ASOPRS Fall Symposium Will Feature Innovations, Diversity, and Diet Presentations

The American Society of Ophthalmic Plastic & Reconstructive Surgery 2021 Fall Scientific Symposium will feature presentations on oculofacial surgery innovations, social justice and diversity, and more.

Both in-person in New Orleans, Louisiana, and online virtually, the American Society of Ophthalmic Plastic & Reconstructive Surgery (ASOPRS) will meet for the Fall Scientific Symposium, November 11-12, ahead of AAO 2021, the annual meeting of the American Academy of Ophthalmology.

The meeting kicks off both days with presentations from the young members of ASOPRS (YASPORS). These members have 8 years or less of experience after graduation from an ASOPRS-approved fellowship. Some of the topics that these members are presenting are “Orbital Inflammation Following COVID-19 Vaccination,” “Psychogenic Ptosis,” “Patient-Reported Tearing-Related Quality of Life,” and “Epidemiology of Ophthalmic Trauma at a Major Level 1 Trauma Center in the United States: The Denver Health Ophthalmic Trauma Registry (DHOTR).”

Neal Barnard, MD, FACC, adjunct professor of medicine, George Washington University School of Medicine, and president, Physicians Committee for Responsible Medicine, will participate in 2 presentations: the ASOPRS Foundation Michael J. Hawes Lecture on “Power Foods for the Brain,” and “Your Body in Balance: The New Science of Food, Hormones and Health.”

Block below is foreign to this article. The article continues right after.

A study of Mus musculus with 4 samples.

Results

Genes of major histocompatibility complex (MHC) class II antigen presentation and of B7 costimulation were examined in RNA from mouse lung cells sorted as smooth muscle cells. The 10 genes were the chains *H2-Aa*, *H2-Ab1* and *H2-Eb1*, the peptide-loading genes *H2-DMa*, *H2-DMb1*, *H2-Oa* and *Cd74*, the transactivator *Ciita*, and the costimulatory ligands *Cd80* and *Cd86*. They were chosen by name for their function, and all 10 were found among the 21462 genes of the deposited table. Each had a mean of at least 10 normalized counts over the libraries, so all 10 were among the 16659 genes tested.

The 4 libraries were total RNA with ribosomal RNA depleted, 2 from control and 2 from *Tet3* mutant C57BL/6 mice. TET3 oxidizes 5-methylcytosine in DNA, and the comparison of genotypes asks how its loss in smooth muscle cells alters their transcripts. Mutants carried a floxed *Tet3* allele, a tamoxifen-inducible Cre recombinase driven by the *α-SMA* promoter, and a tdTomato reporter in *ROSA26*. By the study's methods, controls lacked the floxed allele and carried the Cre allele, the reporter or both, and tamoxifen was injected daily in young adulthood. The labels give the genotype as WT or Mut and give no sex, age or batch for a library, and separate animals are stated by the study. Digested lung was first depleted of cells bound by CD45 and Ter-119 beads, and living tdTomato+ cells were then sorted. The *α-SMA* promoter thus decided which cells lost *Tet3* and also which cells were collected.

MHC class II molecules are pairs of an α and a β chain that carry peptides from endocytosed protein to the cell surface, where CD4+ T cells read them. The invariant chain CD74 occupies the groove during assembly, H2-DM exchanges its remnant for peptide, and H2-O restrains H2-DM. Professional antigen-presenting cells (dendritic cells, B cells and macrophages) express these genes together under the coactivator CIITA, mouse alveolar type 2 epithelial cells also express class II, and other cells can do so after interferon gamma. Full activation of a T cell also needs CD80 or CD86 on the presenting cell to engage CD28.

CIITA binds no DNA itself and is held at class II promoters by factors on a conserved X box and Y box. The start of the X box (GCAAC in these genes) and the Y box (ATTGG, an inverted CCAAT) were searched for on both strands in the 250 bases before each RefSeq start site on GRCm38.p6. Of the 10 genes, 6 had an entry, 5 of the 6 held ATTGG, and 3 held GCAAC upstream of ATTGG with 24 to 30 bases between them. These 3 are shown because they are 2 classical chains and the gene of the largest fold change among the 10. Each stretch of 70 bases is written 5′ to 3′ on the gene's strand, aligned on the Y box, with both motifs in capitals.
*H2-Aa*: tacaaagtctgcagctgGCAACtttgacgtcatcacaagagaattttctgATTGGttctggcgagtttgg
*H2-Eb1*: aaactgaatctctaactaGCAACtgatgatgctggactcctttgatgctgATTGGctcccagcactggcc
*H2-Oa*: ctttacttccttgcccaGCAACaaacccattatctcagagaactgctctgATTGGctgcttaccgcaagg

The symposium will also feature Kris Moe, MD, FACS, professor, chair, facial plastic surgery, University of Washington in Seattle. On the first day, he will present the ASOPRS Foundation Ralph E. Wesley Lecture, “Transorbital Neuroendoscopic Surgery: The Orbit as a Gateway to the Skull and Brain,” and on day 2, he will present “Technical Aids in Orbital Reconstruction.”

Throughout the rest of the symposium, the presentations will be split into the pediatric and lacrimal session; 2 eyelid sessions; 2 aesthetics sessions; 2 orbit sessions; an oncology session; a social justice, diversity, and distribution of oculofacial plastic surgeons session; a practice management session; and a thyroid eye disease session. Last year, the FDA approved the first therapy to treat thyroid eye disease, teprotumumab (Tepezza), which has changed the treatment landscape.

The program chairs highlighted the social justice and diversity session, which includes timely presentations on representation in oculoplastics, transgender care, assault-related trauma and social determinants, and social and medical factors associated with loss of eye.

Finally, the symposium will include 2 panels. On day 1, a panel will discuss “Industry and Innovation in Oculofacial Plastic Surgery,” and on day 2, a second panel will tackle “Administrative Leadership.”